Early detection in younger patients can minimize progression to diabetes, morbidity and mortality
IMAGE: Richelle J. Koopman is assistant professor of family and community medicine in the University of Missouri School of Medicine.
COLUMBIA, Mo. – A third of Americans with diabetes do not know that they have it, and many more who have prediabetic conditions are unaware that they are at risk. A University of Missouri researcher has created a clinical tool to identify those at highest risk for having undetected hyperglycemia, impaired fasting glucose (IFG) and undiagnosed diabetes. If these conditions are identified early, patients may benefit from preventative strategies that can minimize progression to diabetes, other diseases and mortality.
“Diabetic risk factors are not equal and assessing a combination of risk factors can be confusing,” said Richelle J. Koopman, assistant professor of family and community medicine in the MU School of Medicine. “A tool that weighs the relative contributions of multiple risk factors and creates an overall risk score will help clinicians decide which patients to screen for diabetes. The tool we have developed is easy to use and the screening can be done with pencil and paper. Patients can do it at a health fair or a physician’s office.”
The Tool to Assess Likelihood of Fasting Glucose Impairment (TAG-IT) is designed to use factors that are self-reported or easily measured. The six factors include: age, sex, BMI, family history resting heart rate and measured high blood pressure.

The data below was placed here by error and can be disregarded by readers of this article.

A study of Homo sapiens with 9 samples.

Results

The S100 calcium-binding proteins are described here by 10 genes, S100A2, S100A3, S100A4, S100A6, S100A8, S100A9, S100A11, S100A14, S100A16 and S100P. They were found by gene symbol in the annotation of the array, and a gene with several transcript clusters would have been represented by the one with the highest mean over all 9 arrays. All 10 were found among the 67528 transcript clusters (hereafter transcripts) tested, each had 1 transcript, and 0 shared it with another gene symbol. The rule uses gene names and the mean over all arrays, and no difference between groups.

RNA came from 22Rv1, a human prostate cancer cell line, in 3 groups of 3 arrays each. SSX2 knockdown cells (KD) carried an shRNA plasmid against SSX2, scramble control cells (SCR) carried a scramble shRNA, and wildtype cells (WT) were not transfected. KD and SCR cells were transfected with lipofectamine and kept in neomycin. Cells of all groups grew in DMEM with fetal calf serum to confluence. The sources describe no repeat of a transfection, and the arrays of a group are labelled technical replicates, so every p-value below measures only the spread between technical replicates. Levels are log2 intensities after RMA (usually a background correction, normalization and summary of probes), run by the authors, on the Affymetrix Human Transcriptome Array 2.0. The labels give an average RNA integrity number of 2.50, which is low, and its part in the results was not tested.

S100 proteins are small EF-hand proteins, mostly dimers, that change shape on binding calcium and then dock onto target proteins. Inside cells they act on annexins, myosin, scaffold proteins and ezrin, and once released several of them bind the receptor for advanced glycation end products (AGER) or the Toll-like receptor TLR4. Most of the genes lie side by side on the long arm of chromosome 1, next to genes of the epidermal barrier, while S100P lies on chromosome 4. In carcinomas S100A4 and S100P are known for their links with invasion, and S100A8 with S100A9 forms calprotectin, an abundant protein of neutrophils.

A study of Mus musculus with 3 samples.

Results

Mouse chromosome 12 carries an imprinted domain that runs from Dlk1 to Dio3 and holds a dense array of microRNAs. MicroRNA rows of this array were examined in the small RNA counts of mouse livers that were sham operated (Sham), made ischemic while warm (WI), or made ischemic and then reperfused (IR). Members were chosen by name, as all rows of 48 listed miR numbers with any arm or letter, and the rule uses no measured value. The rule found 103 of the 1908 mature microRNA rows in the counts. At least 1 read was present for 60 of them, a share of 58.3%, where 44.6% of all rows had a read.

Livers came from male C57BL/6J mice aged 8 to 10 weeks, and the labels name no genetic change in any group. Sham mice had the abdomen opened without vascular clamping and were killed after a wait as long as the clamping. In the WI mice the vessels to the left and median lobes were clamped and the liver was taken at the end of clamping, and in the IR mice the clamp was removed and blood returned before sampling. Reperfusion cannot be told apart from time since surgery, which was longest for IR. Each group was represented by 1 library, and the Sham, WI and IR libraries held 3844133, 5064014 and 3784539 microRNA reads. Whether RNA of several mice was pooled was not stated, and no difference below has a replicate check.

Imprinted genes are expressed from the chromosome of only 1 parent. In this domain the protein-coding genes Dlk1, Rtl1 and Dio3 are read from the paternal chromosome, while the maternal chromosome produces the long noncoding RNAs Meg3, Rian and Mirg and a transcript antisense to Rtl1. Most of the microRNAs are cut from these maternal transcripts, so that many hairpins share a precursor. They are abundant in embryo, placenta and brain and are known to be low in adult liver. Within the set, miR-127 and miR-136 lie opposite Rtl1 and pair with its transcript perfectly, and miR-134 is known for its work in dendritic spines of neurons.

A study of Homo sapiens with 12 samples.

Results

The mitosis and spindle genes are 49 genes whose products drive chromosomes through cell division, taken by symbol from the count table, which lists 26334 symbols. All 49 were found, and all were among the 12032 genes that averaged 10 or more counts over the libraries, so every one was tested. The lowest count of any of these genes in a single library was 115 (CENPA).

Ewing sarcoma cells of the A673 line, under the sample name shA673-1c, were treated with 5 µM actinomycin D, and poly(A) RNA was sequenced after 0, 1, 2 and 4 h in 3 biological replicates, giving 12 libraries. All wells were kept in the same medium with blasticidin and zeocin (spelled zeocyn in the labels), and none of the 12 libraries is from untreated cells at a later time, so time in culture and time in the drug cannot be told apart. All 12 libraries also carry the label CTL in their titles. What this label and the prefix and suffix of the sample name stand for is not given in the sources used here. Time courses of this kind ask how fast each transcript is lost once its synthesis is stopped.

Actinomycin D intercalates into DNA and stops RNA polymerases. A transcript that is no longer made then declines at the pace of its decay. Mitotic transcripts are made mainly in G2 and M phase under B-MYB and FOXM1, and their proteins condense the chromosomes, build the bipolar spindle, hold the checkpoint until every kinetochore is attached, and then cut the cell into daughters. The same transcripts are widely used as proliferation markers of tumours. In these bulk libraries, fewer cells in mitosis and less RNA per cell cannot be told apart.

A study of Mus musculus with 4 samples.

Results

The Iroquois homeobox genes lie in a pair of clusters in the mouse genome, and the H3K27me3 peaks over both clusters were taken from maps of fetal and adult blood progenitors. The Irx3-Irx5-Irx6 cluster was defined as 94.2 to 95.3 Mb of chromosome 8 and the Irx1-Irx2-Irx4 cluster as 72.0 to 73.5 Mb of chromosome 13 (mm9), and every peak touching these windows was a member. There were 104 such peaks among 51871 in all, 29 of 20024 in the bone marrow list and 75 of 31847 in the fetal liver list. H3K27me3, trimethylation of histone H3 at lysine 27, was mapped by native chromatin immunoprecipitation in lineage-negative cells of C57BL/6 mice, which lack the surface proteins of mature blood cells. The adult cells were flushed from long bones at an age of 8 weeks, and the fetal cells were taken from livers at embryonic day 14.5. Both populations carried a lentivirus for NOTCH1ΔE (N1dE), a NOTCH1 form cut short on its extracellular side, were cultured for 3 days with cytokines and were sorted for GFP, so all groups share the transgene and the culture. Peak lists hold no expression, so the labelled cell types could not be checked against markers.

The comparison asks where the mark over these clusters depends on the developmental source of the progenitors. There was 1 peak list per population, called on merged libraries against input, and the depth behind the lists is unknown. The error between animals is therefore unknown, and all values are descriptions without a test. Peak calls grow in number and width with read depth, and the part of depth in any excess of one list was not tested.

The average age of diagnosis for diabetes in the United States is 46 years old. However, patients are likely to develop prediabetic conditions at a younger age. In the United States, 57 million people have IFG. As type 2 diabetes becomes an increasing burden in younger populations, it’s important to have a screening tool that can assess undiagnosed diabetes and IFG in people as young as 20, Koopman said.
“There has been increasing evidence that prediabetic states are associated with diseases and other complications, and strategies that prevent diabetes in those with prediabetes are effective,” Koopman said. “The TAG-IT tool will help physicians assess patients’ risk levels. Hopefully, knowing their TAG-IT scores will encourage high-risk patients to use preventative strategies and make positive changes in their behaviors. The tool has potential as a Web-based screening tool that could improve awareness and encourage compliance with lifestyle changes recommended by physicians.”
The study, “Tool to Assess Likelihood of Fasting Glucose Impairment (TAG-IT)” was published in the Annals of Family Medicine and is co-authored by Arch G. Mainous III, Charles J. Everett and Rickey E. Carter.